A new documentary premiering at the Los Angeles Film Festival sheds some light on one of the most dynamic and shamefully over looked bands of the LA/Hollywood alternative rock scene. The alternative band Fishbone is the subject of the documentary Everyday Sunshine: The Story of Fishbone. The film takes a candid look at the band’s beginnings in high school to their getting signed and wowing the LA alternative/punk rock scene. The movie does a tremendous job of not only explaining how this group of high school friends came to form one of the most influential alternative bands in LA, but it also shows how the city of Los Angeles, race, family and brotherhood all played a part in shaping the band’s sound and intense eclectic style.
While watching the film you can’t help but root for the band as they hold onto their integrity and friendship while becoming a mainstay on the alternative circuit. Bands such as Jane’s Addiction, The Red Hot Chili Peppers, No Doubt and rapper Ice-T wax poetic on how the all African American sextet influenced them with their heady mix of funk, punk, ska, soul and metal. The documentary travels back in time as the five friends are bussed from South Central LA to the San Fernando Valley where they meet their sixth member, frenetic frontman Angelo Moore. The band forms, starts playing shows and before you know it they are signed. The film details the strong cult following the band created and their influence while juxtaposing the idea, that some in the music industry did not quite know what to make of an all Black band that could easily shift from punk to funk to metal to jazz, all within the context of one, four minute song. While race has been a hurdle for Fishbone, the film points out that the bands democratic structure which helped shape their eclectic sound, did nothing to musically focus the band, thus making mainstream success elusive. Some unforeseen circumstances, (such as their founding guitarist joining a cult with his father) also contributed to the band not fully realizing their commercial potential.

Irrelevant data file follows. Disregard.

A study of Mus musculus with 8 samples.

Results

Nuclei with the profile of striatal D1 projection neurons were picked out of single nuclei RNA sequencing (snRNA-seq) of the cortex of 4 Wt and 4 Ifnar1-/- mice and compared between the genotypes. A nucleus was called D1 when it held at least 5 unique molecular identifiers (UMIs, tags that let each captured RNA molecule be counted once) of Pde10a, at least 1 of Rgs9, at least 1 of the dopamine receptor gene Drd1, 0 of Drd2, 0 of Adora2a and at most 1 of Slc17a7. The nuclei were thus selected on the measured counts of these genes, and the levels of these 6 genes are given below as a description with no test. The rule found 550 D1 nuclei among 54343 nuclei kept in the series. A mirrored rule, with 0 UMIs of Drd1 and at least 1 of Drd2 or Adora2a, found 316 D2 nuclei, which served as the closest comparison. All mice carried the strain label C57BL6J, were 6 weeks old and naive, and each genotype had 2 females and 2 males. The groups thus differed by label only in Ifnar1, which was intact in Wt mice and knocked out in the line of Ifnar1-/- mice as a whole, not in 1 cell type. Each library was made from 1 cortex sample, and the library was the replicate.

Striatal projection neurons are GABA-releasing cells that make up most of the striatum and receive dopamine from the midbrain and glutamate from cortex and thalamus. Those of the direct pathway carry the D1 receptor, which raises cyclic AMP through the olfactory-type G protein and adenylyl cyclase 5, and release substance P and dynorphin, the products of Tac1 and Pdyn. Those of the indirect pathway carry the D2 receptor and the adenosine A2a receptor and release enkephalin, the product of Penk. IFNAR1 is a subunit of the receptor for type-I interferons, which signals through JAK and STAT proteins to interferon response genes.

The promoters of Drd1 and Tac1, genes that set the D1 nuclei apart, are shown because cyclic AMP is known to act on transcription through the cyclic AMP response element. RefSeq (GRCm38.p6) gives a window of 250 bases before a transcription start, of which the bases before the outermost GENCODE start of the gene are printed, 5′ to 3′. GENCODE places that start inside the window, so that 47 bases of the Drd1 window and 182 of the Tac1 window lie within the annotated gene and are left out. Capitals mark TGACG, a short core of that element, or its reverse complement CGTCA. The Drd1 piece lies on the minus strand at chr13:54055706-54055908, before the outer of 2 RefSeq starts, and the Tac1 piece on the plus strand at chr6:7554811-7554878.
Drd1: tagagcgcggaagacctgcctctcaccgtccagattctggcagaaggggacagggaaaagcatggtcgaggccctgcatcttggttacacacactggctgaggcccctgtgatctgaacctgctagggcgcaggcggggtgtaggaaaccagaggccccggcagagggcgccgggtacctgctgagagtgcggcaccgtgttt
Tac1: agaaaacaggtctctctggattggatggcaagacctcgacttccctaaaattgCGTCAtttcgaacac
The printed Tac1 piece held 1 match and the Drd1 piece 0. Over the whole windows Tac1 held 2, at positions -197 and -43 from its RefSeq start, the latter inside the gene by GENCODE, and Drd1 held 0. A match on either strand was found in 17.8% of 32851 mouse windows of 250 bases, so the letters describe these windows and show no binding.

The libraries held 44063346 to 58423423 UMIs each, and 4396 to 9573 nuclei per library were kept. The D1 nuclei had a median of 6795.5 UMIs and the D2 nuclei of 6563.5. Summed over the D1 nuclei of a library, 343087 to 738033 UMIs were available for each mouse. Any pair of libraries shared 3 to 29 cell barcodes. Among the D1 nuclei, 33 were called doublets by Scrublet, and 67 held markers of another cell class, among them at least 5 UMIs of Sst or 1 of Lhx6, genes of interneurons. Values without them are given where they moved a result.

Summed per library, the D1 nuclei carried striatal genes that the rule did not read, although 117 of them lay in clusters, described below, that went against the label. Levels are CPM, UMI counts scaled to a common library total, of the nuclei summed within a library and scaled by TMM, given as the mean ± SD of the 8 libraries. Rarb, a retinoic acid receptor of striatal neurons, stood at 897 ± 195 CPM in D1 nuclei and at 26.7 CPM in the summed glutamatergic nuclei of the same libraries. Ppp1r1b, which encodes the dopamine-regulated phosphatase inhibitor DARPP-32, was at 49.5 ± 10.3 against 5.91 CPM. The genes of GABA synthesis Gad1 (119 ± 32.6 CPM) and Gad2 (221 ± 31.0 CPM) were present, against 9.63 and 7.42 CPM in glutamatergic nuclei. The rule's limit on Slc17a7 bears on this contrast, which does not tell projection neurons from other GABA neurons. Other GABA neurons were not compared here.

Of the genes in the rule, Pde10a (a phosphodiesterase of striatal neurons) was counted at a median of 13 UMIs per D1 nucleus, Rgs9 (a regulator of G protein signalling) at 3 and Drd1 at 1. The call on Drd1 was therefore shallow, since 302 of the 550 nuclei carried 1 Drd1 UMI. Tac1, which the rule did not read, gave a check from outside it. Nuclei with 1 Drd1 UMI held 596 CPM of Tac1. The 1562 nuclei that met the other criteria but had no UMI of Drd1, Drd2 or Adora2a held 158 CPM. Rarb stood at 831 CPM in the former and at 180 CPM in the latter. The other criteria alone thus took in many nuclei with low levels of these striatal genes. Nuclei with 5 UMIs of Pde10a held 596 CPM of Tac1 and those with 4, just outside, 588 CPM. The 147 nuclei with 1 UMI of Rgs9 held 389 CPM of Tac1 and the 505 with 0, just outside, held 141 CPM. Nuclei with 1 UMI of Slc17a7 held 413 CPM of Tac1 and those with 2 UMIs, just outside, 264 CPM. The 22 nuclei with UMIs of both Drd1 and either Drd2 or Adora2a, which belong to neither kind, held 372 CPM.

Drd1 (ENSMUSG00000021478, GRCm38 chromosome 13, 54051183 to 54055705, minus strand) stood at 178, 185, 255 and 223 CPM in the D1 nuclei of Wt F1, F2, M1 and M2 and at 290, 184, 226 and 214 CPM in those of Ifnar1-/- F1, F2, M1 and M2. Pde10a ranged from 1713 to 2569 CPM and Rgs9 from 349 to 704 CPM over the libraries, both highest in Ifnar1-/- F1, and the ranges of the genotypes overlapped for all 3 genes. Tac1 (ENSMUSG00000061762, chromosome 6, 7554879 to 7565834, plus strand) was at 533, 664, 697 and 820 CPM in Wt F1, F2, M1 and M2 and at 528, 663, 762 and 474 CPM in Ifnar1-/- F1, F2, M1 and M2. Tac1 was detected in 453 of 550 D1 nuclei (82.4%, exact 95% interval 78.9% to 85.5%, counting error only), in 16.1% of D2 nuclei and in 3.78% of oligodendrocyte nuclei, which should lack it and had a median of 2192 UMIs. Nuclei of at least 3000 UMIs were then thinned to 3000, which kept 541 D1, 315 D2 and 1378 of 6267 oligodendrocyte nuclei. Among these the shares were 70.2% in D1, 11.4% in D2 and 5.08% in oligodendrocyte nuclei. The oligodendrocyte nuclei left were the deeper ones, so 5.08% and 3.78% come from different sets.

The band now consists of two original members (founding bassist Norwood Fisher is still with the band) and the film shows the group playing gigs in 500 seat venues that are half filled. The documentary also pulls no punches on how tough it has been to deal with the eclectic and sometimes erratic sensibilities of Angelo Moore. Throughout the film however, the themes of brotherhood, loyalty and family become the focal point of the Fishbone story and it is that sense of family that is depicted in tact when past members of the original lineup, reunite on film to talk about old times.
The documentary will be screened at film festivals throughout the country for the rest of the year, with the hopes of a theatrical and dvd release next year. The other underlying hope is that the band will use their sense of loyalty and brotherhood to reunite for a tour in the new year. Only time will tell if the old wounds have truly healed. For now check out the documentary when it comes to a festival near you and rejoice in the fact that no matter how dark the days get, everyday is indeed sunshine when you are dealing with the music and message of Fishbone.